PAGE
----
Monday, November 3, 2014

Voting: An Act of Obedience

This week millions of people across the nation will stream to the polls to cast their votes on a variety of local, state and national races and issues. Sadly, millions of others will opt to stay home, refusing to exercise their right to vote.

Every year the outcomes of major elections are determined by a minority of voters who take the time to make it to the voting booth. Then the inactive majority proceeds to grumble about decisions made by officials they didn’t elect. I’m of the opinion that if you don’t vote, you should lose your right to complain.

But for followers of Jesus, there’s more reason for making the effort to vote than just being able to mutter and gripe in good conscience. It’s also an act of faithfulness and obedience to God.

We seem to think that government was an invention from the ever-innovative mind of mankind. However, the Bible says otherwise: “Everyone must submit himself to the governing authorities, for there is no authority except that which God has established” (Romans 13:1). Knowing mankind’s annoying proclivity for following its own selfish, self-serving ways, God established government to create laws, maintain order and protect us from ourselves.

That being said, as citizens of a democracy in which we have – and should enjoy – the Constitutional right to vote, we should recognize this is our opportunity to participate in the governing process that God has ordained.

Interestingly, two people, even fellow believers, can look at the same candidate – or the same issue – and reach different conclusions on how to vote. And that’s okay. That’s why we cast our ballots in private. What matters is that we do vote, and hopefully do so well-informed about the candidates and issues being contested.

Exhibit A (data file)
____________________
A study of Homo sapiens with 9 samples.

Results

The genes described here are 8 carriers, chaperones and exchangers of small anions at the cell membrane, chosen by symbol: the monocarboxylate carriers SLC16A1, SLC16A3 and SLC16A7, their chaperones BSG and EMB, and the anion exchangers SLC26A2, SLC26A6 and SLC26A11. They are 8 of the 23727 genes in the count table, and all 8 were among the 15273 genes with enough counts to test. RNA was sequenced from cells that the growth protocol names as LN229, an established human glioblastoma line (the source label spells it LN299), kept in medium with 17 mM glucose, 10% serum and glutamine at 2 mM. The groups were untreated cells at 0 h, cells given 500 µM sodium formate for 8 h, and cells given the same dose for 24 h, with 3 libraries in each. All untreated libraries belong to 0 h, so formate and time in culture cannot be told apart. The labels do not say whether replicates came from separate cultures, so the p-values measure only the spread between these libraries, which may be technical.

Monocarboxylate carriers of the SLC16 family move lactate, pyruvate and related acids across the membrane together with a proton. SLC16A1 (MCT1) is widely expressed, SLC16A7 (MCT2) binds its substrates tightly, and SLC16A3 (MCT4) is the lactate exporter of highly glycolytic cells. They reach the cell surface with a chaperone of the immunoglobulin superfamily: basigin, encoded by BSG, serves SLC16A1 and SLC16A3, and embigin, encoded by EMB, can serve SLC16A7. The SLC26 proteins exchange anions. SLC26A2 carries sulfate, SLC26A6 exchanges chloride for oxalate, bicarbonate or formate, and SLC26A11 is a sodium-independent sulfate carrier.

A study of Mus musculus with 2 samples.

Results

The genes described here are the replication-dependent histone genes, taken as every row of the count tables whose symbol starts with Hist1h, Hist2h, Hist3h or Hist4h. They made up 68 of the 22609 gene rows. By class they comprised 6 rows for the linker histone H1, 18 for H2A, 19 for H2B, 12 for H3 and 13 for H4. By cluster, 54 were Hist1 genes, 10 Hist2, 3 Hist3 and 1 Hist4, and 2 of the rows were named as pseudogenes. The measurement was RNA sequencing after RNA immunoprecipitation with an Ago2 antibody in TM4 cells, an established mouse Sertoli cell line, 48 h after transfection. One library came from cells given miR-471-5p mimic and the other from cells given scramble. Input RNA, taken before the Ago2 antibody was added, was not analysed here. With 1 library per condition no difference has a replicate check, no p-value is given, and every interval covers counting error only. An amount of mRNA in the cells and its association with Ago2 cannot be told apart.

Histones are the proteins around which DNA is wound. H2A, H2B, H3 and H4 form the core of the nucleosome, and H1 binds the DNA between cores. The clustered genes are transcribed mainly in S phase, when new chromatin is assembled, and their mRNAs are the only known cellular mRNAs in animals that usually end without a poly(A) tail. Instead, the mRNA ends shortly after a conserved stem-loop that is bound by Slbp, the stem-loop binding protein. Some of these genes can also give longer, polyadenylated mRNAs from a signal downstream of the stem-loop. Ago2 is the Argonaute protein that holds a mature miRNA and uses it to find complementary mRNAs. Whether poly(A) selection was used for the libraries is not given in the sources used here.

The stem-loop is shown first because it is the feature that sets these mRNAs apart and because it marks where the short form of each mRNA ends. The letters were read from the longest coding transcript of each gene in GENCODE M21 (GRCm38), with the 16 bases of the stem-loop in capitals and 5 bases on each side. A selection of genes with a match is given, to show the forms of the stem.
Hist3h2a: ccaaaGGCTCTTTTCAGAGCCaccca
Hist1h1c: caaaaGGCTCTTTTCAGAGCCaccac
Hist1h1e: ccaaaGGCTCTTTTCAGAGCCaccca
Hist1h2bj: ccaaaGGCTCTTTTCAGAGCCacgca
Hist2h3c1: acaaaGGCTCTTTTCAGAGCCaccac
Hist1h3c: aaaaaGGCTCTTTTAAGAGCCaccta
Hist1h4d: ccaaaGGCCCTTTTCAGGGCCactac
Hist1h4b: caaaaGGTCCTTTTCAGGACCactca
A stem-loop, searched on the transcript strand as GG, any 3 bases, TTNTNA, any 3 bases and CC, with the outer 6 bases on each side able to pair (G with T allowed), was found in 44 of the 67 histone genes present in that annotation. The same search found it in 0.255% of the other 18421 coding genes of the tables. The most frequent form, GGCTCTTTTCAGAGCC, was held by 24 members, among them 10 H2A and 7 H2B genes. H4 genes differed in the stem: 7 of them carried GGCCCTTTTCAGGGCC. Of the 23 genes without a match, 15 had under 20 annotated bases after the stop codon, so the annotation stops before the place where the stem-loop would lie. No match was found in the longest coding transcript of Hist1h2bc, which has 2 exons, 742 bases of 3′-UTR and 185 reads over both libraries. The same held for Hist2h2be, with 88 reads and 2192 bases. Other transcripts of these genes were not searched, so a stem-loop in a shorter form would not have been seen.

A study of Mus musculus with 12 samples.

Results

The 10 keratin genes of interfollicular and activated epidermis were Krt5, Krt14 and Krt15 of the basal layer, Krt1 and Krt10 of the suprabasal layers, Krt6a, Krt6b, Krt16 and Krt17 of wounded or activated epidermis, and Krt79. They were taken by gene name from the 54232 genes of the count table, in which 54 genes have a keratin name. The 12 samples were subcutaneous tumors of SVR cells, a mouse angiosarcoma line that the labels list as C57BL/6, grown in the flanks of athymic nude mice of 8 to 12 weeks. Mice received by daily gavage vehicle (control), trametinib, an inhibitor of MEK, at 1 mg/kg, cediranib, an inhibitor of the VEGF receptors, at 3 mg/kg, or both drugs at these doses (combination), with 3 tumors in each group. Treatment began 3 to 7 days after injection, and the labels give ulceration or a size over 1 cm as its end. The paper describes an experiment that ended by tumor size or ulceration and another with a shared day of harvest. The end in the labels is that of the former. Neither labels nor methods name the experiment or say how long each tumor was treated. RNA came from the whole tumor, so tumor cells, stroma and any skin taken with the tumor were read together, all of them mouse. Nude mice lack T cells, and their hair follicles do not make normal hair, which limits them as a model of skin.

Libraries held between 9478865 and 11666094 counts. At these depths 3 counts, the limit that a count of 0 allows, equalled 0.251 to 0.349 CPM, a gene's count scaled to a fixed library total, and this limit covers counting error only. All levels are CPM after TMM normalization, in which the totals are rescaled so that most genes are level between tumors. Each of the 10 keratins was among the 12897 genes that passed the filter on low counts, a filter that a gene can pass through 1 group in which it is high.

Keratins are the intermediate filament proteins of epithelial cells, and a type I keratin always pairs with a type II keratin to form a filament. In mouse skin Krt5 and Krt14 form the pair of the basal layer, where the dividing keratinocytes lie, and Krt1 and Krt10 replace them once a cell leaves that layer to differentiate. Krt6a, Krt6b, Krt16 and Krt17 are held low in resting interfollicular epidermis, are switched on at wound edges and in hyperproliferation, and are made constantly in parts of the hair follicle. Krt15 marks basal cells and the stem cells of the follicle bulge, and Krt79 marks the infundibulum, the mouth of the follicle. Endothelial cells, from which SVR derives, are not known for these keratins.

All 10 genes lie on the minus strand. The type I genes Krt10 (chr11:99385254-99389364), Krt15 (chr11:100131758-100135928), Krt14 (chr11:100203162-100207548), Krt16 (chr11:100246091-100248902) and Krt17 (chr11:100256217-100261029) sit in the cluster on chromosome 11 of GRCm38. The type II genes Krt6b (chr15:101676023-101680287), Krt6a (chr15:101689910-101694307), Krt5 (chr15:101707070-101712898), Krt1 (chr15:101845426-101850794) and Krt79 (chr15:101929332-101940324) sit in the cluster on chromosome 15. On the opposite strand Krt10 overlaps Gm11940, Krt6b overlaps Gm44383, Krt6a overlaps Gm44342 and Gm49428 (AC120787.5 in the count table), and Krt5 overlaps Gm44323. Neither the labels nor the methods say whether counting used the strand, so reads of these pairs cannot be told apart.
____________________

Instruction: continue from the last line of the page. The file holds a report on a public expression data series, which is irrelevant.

In fact, the same Bible passage seems to suggest participating in the governmental process by voting is more than a right; it’s an obligation. “Consequently, he who rebels against authority is rebelling against what God has instituted, and those who do so will bring judgment on themselves…. For he is God’s servant to do you good…an agent of wrath to bring punishment on the wrongdoer. Therefore, it is necessary to submit to the authorities, not only because of possible punishment but also because of conscience” (Romans 13:2-5).

Do you desire for your community, your state and your nation to be governed in a manner that pleases God? Then vote for the candidates and issues you believe most closely align with biblical values. Even if the outcomes aren’t as you would like, at least you’ve done what you could.

And after the election, the Scriptures teach, our responsibility doesn’t end. In fact, it’s just begun. Then, God tell us, we’re to pray. As the apostle Paul wrote, “I urge, then, first of all, that requests, prayers, intercession and thanksgiving be made for everyone – for kings and all those in authority…” (1 Timothy 2:1-2). What if you don’t like the elected official? What if he or she is not aligned politically or ideologically with your personal views? God says we’re to pray anyway.

Years ago, long before the Iron Curtain fell, I knew a very godly man who prayed for each of the top leaders of the then-Soviet Union – individually, by name. At the time I questioned the wisdom of this, but then the Berlin Wall was destroyed, the iron fist of Communism in Eastern Europe lost its grip, and millions of oppressed men, women and children received their first taste of freedom. Who’s to say my friend’s faithful prayers didn’t play a significant role in what transpired?

So vote. It’s not only your civic duty; it’s also your spiritual duty. And then...pray!